Monday, January 22, 2007


Richard Akresh, an economics professor at the University of Illinois at Urbana Champaign, led a group of 14 University of Illinois students on a winter break study abroad trip to Burkina Faso. He sent us back some feedback: "As part of the course, the group spent 2 days in Bereba living with host families, sharing meals together, and learning about life in rural Burkina Faso. The group was also treated to a guided tour of the village, which included seeing a dry season garden, a soil erosion project, a weighing station for cotton, a traditional compound, and the FAVL library. The group met with FAVL leaders and local students and discussed the importance of reading and having a village library and also how FAVL provided resources for students to do their homework and research projects. The University of Illinois students had an amazing experience in Burkina Faso and one of the highlights was their time in Bereba. They gained an immense amount of knowledge from seeing different development program sites and I don't think they will ever forget their trip to Burkina or the incredibly friendly people they met during their stay. A big thanks to FAVL for all their help in arranging our visit."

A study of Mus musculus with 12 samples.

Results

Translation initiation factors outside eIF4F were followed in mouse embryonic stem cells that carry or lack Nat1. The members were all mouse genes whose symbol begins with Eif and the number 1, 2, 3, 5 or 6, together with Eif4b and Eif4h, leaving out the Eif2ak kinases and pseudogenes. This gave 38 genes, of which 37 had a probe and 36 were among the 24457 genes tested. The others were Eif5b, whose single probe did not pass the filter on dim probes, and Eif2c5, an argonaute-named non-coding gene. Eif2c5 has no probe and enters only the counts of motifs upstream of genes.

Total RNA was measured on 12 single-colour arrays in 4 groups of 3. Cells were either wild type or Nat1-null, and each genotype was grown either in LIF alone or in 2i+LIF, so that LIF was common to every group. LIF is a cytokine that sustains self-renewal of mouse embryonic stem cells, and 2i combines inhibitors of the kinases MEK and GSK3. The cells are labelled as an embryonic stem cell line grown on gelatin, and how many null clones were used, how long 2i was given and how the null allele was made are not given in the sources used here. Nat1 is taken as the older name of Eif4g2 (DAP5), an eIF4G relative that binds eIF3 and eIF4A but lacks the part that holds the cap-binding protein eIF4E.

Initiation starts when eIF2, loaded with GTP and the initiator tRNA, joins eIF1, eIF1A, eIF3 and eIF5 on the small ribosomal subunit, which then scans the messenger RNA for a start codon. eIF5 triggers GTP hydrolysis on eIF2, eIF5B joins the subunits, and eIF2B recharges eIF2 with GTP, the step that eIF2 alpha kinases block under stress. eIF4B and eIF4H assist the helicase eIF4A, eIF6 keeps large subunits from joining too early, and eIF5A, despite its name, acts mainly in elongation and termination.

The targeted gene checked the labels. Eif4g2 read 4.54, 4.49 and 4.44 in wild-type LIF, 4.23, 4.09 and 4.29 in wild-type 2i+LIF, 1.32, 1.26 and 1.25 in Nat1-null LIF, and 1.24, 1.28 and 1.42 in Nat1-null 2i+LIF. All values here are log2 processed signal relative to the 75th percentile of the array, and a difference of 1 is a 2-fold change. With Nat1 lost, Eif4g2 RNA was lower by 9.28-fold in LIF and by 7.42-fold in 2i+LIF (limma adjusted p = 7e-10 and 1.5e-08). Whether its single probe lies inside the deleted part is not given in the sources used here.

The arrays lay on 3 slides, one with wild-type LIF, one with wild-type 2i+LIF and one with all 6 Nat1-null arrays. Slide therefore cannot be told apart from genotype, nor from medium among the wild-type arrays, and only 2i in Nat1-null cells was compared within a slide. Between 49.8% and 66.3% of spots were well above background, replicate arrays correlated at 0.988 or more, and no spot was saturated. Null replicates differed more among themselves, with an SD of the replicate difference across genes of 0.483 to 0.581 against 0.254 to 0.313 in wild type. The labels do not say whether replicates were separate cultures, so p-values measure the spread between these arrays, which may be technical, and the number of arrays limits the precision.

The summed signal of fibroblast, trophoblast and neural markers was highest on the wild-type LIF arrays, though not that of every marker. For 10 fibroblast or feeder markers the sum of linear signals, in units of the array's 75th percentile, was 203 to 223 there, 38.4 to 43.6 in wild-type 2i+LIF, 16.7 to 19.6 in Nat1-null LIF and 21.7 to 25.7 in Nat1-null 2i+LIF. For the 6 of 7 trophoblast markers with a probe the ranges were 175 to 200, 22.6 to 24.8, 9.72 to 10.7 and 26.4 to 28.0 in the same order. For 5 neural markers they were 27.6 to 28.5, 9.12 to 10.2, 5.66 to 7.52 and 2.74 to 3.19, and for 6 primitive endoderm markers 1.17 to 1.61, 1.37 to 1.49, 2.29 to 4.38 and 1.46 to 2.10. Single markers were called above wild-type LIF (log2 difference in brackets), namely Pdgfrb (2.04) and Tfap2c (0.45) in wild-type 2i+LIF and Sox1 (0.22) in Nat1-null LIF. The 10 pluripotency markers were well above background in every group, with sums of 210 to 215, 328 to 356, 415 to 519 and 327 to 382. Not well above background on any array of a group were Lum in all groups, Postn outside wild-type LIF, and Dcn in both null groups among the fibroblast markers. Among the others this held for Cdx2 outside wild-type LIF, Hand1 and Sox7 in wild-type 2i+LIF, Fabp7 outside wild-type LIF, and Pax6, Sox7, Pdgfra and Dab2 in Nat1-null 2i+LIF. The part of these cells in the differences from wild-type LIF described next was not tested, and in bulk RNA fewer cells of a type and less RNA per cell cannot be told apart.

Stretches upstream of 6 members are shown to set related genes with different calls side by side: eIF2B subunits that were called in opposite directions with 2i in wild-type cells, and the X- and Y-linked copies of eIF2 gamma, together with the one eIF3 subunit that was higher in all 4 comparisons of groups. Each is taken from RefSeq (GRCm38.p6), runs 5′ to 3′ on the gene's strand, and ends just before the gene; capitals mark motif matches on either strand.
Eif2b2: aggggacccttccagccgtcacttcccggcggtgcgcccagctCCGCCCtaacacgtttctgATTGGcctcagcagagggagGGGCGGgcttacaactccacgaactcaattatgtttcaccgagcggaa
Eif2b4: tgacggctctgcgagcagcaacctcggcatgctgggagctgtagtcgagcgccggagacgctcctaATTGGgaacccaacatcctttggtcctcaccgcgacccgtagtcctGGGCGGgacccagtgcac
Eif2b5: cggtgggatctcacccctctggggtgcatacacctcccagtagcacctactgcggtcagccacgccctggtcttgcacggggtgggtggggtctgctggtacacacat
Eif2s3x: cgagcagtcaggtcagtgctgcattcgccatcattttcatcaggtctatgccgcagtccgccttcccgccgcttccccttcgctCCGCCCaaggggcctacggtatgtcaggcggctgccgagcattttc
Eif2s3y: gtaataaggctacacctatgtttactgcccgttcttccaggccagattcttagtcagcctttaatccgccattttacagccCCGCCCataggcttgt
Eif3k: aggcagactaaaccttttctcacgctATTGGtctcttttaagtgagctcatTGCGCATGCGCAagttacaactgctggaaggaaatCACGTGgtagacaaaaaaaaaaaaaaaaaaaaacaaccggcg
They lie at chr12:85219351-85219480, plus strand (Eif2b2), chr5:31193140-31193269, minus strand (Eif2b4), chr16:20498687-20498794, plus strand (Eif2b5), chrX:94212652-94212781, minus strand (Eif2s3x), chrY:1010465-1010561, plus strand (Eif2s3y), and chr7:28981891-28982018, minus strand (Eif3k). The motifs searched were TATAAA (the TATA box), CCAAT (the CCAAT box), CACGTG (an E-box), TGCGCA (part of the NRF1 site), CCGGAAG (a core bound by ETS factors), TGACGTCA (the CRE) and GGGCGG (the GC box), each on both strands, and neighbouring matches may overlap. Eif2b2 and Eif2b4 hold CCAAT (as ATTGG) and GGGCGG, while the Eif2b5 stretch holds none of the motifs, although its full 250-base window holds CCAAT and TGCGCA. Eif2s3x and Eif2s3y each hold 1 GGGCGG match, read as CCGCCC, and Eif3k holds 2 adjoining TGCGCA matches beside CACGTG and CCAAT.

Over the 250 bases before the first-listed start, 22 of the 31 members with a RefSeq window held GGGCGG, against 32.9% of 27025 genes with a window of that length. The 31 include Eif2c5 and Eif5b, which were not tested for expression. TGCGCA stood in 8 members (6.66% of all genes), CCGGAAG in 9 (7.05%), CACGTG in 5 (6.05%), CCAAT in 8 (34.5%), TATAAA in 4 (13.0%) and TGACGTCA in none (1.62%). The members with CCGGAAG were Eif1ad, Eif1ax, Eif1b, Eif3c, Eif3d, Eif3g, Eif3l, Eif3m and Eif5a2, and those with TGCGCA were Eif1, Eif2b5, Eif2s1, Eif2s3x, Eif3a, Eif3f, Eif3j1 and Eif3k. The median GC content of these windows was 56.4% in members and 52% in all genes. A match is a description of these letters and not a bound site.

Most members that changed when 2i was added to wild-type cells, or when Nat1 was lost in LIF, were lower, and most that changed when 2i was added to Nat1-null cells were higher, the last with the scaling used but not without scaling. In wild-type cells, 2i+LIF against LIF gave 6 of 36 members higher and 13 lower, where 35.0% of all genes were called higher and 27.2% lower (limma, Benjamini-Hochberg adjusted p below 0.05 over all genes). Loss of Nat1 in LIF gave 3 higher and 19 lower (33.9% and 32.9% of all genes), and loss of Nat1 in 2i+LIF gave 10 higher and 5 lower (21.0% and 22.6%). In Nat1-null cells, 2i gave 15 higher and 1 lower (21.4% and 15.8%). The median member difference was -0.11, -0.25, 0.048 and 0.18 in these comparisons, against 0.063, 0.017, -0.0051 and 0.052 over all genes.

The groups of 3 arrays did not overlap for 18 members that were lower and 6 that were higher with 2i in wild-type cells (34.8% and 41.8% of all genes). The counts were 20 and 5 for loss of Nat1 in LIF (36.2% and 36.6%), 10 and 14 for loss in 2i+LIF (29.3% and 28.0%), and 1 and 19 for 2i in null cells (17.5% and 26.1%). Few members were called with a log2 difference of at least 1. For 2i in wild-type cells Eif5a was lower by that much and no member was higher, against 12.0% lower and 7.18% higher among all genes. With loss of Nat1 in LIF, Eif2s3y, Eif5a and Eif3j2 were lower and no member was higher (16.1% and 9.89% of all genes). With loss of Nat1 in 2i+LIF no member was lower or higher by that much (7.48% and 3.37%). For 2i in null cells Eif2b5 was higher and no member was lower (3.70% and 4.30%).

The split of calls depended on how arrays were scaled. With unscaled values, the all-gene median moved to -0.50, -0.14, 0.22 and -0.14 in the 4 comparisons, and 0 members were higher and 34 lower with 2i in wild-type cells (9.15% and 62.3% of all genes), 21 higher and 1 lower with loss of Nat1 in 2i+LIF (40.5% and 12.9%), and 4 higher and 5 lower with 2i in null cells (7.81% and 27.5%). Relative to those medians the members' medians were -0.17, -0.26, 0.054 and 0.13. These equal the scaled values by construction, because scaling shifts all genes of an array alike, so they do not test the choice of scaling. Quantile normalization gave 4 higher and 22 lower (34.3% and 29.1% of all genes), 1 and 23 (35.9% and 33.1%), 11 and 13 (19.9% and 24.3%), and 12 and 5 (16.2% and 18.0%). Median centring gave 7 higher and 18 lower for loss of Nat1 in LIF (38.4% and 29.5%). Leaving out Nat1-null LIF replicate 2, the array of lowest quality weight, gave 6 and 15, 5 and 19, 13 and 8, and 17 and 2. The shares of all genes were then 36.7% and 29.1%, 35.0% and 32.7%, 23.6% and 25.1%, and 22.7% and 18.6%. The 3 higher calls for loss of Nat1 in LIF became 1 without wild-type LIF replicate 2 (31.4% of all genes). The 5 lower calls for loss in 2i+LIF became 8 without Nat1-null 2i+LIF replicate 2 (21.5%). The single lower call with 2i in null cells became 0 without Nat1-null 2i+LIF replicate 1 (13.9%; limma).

1 comment:

Michael Kevane said...

Continuation of message...
The students had some great observations and suggestions. All in all they seemed to have really appreciated the opportunity to spend a night in a typical village with no electricity or running water, and even though they knew they were staying with somewhat wealthier families (who spoke French and who had latrines) they still got a good sense of the material poverty of Burkina. Life is hard. But they all noted the sense of community and easy-going lifestyle that material poverty often encourages, something painfully missing in the fast-paced “too busy to talk” lifestyle of the United States.

About the Béréba library, everyone seemed impressed. The responses had some good suggestions that we will definitely try to implement- some more study tables, monthly featured books, more African authors, more attention paid to decorating walls with children’s drawings and stories. The idea of having computers and Internet was raised, but of course this is a tremendous obstacle at present, and frankly the guiding philosophy of FAVL for the moment is to concentrate on books and printed information; computers are great for kids with good reading skills, but reading is not going to improve by having ten computers in a dusty room powered by a generator (worth remembering that the primary school averages 100 students per classroom, most of whom have no textbooks!).

In response to one important question about books in local languages: we do try to get everything that is available, but the book trade simply does not publish books in local languages in Burkina to any extent; what can be found are short pamphlets and mimeos that the national adult literacy program prints for adult learners. We wish there were more, and the donation of 300.000 CFA ($600) that was left behind by the students will help in obtaining more material.

By the way, FAVL booster Carol Spindel has a couple of great and relevant books: In the Shadow of the Sacred Grove, about a year she spent living in a village in Cote d’Ivoire, and Chief Illini, about the mascot used by the Fighting Illini of the University of Illinois. The first is out of print, but Amazon.com does enable you to buy used editions.